In the article “It Isn’t Easy to Read a Book When You’re Blind, But This Rocket Scientist Figured It Out,” author Hana Schank describes Jim Fruchterman’s journey from engineer to founder and CEO of Benetech, an organization working to improve access to literacy, books, education, and the world at large for the blind and visually impaired. Today, less than 10% of the over one million legally blind Americans use Braille as their primary reading medium, compared to 50% in 1963. More visually impaired individuals are turning to tablets and mobile phones, but the lack of accessibility features means that reading still remains a struggle for many.
To solve this challenge, Fruchterman developed the accessible online library Bookshare, which provides access to over 360,000 free books for those with vision impairments and other qualifying disabilities. More than 350,000 readers in over 50 countries currently have access to Bookshare, with ongoing efforts to expand to other countries. The article cites initiatives by other nonprofit organizations such as Sightsavers to improve access to education for blind and visually impaired children in West Africa. For now, Sightsavers is primarily focused on making education inclusive, while Benetech is handling the access to the books themselves. One day, the hope is that this kind of smart technology and sensitive, hands-on learning methods will combine efforts to increase access to literacy for everyone around the world.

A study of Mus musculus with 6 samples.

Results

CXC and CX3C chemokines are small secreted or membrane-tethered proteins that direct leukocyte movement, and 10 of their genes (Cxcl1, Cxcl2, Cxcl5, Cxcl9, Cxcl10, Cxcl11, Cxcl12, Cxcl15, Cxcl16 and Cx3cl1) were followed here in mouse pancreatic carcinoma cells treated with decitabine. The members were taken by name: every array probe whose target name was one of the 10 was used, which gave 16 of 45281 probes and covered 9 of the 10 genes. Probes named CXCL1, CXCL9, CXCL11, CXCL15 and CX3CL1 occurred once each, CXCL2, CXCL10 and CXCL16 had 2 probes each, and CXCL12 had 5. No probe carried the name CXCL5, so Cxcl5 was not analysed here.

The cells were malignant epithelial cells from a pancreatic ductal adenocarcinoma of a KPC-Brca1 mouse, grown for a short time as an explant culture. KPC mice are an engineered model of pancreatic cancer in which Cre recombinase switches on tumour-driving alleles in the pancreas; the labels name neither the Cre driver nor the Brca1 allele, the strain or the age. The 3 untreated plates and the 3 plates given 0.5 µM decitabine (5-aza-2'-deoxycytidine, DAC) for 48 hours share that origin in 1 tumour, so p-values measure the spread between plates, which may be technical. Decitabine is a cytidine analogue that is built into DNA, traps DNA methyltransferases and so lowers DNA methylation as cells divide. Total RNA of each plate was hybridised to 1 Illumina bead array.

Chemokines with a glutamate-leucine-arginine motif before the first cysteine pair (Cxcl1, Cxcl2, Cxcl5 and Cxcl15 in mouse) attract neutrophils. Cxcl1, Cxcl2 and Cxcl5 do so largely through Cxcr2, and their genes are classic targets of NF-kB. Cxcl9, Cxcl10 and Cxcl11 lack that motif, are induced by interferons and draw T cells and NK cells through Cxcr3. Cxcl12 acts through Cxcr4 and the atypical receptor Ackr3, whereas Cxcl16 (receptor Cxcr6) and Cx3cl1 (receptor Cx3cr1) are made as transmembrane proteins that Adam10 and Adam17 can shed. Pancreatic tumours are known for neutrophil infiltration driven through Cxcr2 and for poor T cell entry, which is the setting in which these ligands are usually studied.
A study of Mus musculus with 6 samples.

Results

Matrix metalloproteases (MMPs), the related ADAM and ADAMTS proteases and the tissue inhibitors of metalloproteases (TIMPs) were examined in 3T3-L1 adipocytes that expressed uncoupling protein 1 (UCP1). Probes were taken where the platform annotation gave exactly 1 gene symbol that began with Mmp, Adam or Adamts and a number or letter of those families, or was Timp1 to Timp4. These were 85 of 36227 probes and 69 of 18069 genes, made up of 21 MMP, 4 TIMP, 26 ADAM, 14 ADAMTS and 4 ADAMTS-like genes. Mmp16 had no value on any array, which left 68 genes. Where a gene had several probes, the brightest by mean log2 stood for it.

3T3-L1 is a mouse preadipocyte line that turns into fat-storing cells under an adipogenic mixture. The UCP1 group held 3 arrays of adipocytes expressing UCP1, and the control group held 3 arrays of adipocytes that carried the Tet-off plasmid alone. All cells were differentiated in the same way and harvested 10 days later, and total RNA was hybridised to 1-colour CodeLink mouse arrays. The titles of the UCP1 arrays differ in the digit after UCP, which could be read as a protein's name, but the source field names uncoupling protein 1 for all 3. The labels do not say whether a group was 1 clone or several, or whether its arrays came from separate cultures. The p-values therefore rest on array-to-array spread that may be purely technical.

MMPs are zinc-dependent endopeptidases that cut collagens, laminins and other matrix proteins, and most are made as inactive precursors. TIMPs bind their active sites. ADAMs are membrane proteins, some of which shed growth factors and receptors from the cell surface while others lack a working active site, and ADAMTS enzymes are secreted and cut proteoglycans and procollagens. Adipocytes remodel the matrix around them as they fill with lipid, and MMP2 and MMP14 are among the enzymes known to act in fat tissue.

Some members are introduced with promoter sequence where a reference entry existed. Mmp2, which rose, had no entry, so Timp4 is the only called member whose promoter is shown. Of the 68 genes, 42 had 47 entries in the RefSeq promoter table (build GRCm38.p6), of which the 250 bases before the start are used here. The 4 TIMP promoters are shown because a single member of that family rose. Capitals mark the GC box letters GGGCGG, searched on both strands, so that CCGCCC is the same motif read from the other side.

Bookshare isn’t just about ease of use: It’s about giving everyone the gift of literacy. “If anything is born digital, it should be born accessible,” Fruchterman says, adding that unknown future is all part of the fun. “If you’re an IT person, your hope is that 10 years from now you’re solving different problems than you are today.”
The complete article is available online in GOOD, a magazine for the global citizen.